Timothy Conference Bearing Fruit

David Winslow

In late March, the Timothy Conference (TC) completed its first circle around the OPC. From Escondido to Chicago, Charlotte, Philadelphia, and back to Escondido, the conference has been hosted by OP churches with nearby Reformed seminaries. Over the last four years, the OPC has invested about $50,000, encouraging ninety-six young men to consider whether the Lord might be calling them to the ministry. That is a significant investment, though it represents just 2 percent of the Christian Education budget over that time.

“So how’s that TC thing workin’ for ya?” is a question that we are starting to get. And it’s a good one. How is the Lord answering our prayers? Is he using the TC to draw young men into the gospel ministry? In answering these questions, it is important to remember that the “cedars of Lebanon” that flourish in the courts of the Lord are not grown in a day, or at a single conference. More importantly, we must remind ourselves that the gifts and calling are from God. As we pray that he will raise up more workers for the harvest fields, we also acknowledge that the whole harvest belongs to him. We will be content if the TC is one of many means that the Lord uses to spark a recognition of his gifts and calling in the lives of these young saplings that attend the conference.

Instruction time

Actually, it is a bit too soon to assess the conference’s impact on the OPC. Those who attended in 2008 are just now entering the years when they would be attending seminary and coming under care of their presbytery. Several have done just that. It is easier for us to assess the more immediate effectiveness of the conference by what we hear from the young men who have attended and from the ongoing interest shown by sessions nominating them to attend.

River La Belle, from Cape Cod, Massachusetts, summarized well this year what we have heard from others: “This conference has truly been life-changing in regard to my plans for the future.… I am very eager to serve in my church and presbytery as extensively as possible to build up the kingdom of Christ in whatever small ways I can, and prepare for the ministry. The TC has been a great blessing in other ways too. The fellowship I have had, both with speakers, the seminarians, and the other young men, has been extremely uplifting, inspiring, and encouraging in my own walk with God.”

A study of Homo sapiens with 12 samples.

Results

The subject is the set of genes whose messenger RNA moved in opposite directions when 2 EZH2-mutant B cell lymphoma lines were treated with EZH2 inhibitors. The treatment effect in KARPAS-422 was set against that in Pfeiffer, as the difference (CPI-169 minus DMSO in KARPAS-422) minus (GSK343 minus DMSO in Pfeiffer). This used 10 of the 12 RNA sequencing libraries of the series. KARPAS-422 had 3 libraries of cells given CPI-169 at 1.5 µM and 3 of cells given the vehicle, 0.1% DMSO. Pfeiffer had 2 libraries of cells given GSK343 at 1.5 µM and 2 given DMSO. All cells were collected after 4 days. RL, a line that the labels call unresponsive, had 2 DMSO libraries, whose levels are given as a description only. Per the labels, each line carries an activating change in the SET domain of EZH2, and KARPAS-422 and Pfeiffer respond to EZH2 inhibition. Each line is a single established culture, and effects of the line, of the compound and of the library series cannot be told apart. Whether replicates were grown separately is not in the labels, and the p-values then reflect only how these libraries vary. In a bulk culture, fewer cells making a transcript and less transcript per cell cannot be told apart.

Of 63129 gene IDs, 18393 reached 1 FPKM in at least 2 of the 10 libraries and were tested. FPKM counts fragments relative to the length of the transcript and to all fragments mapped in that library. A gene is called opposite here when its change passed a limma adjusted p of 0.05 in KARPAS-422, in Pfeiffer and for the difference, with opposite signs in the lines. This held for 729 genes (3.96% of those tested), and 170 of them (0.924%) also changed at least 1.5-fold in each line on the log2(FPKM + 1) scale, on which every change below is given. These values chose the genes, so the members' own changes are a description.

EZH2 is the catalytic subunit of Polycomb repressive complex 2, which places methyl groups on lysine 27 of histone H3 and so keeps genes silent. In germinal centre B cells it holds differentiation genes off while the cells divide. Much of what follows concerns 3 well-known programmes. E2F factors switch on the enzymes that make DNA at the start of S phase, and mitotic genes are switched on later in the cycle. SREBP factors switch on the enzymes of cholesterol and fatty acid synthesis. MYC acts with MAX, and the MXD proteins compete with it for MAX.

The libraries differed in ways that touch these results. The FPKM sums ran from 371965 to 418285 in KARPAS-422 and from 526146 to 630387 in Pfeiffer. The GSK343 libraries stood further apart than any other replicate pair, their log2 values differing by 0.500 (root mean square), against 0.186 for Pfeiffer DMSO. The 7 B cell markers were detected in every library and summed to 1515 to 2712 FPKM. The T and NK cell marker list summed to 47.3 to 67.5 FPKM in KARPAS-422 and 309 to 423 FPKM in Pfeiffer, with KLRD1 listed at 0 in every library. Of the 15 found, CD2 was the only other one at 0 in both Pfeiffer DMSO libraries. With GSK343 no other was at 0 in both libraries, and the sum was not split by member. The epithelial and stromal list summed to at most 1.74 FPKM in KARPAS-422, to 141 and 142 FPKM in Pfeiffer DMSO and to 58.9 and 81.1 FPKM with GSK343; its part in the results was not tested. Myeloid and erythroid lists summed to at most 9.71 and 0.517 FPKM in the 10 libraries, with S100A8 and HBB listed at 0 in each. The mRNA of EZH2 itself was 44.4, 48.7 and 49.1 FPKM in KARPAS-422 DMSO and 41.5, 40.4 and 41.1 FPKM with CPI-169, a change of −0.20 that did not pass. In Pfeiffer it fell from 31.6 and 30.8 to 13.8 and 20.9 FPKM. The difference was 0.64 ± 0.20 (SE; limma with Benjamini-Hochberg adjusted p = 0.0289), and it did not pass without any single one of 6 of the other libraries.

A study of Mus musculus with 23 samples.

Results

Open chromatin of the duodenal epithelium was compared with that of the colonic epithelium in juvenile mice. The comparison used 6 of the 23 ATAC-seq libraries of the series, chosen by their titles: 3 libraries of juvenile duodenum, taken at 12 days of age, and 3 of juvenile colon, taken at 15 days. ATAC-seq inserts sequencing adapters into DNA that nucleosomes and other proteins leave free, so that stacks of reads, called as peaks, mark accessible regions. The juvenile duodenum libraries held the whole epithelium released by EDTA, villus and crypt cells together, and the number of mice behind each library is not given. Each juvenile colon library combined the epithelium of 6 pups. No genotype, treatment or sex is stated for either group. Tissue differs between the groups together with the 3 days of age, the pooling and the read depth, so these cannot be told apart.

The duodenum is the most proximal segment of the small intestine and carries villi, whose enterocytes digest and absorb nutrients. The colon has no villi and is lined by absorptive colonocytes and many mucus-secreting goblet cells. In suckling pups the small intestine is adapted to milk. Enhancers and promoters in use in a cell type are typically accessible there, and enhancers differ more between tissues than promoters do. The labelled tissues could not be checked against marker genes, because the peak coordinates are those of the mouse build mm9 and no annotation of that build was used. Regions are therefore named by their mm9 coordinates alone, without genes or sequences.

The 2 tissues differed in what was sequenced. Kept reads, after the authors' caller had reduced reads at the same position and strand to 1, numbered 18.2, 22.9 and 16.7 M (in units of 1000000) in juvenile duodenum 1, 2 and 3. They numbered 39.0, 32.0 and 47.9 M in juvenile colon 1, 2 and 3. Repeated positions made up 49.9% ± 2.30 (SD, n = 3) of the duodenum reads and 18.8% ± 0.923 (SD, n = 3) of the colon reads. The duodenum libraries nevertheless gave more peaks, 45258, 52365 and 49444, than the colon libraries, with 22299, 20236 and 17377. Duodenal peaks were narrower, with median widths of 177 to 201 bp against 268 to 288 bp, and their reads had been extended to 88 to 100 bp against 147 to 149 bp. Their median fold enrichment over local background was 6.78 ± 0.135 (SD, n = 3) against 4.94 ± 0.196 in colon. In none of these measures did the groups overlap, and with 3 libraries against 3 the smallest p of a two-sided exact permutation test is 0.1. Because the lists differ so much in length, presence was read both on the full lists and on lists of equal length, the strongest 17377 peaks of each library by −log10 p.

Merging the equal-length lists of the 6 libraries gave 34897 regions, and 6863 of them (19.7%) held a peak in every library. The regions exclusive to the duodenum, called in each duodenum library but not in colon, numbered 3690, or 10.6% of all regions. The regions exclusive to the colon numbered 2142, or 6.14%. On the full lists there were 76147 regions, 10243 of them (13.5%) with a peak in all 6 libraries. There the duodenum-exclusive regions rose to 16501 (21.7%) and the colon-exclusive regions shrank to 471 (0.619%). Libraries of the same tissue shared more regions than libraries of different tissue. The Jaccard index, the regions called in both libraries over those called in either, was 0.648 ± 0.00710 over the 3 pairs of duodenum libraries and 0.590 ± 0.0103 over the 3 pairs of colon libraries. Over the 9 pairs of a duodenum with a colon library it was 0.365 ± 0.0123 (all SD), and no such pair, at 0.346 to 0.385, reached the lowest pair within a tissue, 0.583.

Lunch al fresco

It would be good to emphasize what the seminarians brought to the 2012 conference. At each TC, we have tried to have OP seminarians mingle with our “Timothies,” but this year we had our most effective interaction. Timothy Cho and Geoff Downey were among six Westminster students who were particularly helpful in sharing their personal reflections. Tim and Geoff are both under care, and Geoff will begin a yearlong internship in September. So from firsthand experience, they could explain how the church and their seminary education have helped to bring together, and strengthen in their hearts, the internal and external nature of the call to the ministry.

As Joel Carini said, “I was most challenged by considering the gravity of what it means to be a ‘steward of the mysteries of God’ … ‘rightly handling the word of truth.’ Pastor Keele’s insights about the many ways a pastor must image Christ—in proclaiming the word of truth, in loving people sacrificially, and even in suffering for the sake of the glory of God—have required me to begin to count the cost of what it would mean to become a minister of the gospel.” It was indeed very helpful to see young seminarians living the challenge that was set before the conference attendees through the lectures delivered by Zach Keele, Michael Babcock, Dave Crum, Danny Olinger, and Dave VanDrunen. They were living examples of the content of the conference lectures!

Concentration

Thinking of the return on our investment, we do see immediate fruit, as exemplified in a pastor’s words of thanks for the 2012 conference: “I wanted to tell you that the Timothy Conference had a profound effect on my son. He came back with a much clearer idea of what it means to be called to the ministry. He told me that while he doesn’t yet know whether God would have him serve as a minister, he does think that God is doing something very significant in his life. He committed himself to two things: to having a closer walk with Christ, and to knowing the Scriptures more thoroughly.” We expect to be able to show you more in future years to come, and so we will continue to sow at the Timothy Conference.